Talking to your doctor about an injury or potential malpractice claim is emotionally difficult. It could also change the outcome of any case you try to make.
As personal injury lawyers, we admittedly have some professional attachment from these issues. However, we care deeply about our clients and want them to succeed. Here are a few of the things that could be effective during these initial discussions.
Corresponding in writing
It could seem rewarding to confront someone personally if you believe they injured you. However, this is probably not the type of closure you seek.
Instead of emotional release, you probably want compensation for your injuries. To that end, we often observe that communicating in writing is more effective than confronting someone in person. It has the following potential benefits:
- You can choose your statements carefully so that they further your interests
- Doctors can share your concerns in your own words
- Written communication forms a record you might use in your case
Focusing on results
We find that a goal-oriented approach often helps. Your objectives could inform the questions you want to ask and the statements you want to make, for example.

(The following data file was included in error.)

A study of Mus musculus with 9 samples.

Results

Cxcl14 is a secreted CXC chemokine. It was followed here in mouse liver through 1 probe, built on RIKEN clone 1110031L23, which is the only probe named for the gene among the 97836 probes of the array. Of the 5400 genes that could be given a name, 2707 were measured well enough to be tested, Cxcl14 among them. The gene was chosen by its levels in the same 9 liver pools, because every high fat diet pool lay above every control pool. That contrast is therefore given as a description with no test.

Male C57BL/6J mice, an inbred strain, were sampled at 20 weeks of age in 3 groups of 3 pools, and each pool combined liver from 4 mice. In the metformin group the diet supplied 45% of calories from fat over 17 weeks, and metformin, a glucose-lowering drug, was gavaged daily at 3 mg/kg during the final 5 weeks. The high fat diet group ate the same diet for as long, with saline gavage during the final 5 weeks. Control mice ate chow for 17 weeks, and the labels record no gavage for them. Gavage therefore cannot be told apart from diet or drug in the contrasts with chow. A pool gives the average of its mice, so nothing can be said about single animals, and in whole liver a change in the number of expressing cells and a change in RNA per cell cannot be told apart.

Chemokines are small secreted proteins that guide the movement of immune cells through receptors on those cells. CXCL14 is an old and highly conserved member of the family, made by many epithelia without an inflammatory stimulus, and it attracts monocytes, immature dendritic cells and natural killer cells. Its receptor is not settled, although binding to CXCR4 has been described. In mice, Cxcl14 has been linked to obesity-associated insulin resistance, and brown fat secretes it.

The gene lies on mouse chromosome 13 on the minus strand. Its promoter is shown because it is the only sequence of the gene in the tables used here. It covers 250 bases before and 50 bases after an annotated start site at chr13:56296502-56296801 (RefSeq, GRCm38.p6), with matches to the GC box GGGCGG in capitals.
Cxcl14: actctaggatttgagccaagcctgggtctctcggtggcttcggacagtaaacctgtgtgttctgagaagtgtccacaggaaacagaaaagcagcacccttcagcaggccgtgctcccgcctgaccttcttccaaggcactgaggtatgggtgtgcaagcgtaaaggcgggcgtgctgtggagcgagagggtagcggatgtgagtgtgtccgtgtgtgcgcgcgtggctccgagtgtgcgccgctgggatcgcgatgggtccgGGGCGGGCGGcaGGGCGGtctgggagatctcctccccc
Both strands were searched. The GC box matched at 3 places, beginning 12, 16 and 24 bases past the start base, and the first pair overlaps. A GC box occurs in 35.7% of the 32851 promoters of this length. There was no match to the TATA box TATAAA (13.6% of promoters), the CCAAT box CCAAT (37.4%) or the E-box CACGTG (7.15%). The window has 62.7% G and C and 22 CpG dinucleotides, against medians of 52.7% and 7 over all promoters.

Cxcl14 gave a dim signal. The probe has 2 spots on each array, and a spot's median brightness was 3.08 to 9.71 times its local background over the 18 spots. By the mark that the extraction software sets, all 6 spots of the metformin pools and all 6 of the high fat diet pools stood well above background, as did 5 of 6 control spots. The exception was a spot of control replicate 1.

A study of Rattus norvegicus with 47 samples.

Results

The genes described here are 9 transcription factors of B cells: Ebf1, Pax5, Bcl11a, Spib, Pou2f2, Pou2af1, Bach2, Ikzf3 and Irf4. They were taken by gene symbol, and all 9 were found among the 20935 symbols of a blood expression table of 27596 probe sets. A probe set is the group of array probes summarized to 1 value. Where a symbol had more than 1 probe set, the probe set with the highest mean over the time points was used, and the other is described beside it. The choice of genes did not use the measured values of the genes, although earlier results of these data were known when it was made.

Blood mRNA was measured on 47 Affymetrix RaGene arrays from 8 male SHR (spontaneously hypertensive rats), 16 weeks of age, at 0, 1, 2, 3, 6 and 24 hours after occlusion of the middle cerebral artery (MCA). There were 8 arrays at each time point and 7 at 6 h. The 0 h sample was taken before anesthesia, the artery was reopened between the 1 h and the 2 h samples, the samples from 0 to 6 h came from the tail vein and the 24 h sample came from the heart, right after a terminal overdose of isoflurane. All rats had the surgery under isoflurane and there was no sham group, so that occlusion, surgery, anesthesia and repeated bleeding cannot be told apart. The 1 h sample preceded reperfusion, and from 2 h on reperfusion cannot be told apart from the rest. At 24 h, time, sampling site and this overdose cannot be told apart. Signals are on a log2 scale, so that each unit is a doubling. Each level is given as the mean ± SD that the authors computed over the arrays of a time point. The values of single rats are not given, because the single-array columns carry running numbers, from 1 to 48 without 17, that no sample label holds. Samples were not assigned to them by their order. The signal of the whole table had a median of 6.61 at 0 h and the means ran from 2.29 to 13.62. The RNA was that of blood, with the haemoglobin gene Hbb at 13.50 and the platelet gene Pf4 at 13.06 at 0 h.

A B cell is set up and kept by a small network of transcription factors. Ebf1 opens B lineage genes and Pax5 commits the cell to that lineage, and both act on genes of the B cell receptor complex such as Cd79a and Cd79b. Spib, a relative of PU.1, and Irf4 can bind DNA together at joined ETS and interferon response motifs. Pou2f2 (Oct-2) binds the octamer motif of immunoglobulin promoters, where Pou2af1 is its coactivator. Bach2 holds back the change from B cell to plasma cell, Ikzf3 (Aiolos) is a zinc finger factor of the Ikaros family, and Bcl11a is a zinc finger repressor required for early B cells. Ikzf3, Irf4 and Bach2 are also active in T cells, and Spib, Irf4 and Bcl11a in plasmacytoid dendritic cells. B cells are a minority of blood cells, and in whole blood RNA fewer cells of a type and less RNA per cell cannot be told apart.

In a typical medical malpractice case, the goal is to uncover evidence that negligence caused injuries. This is not the same as getting someone to admit they were wrong. In fact, many cases result in large payments for injured people without the defendant admitting fault in open court.
If you believe that a medical provider injured you, you are already in an adversarial situation. We find that a professional suspicion of the other party’s intentions often avoids unfair deals.
Overall, everything you say and do could matter. When you approach the subject for the first time with a doctor, you are essentially creating evidence for the civil claim.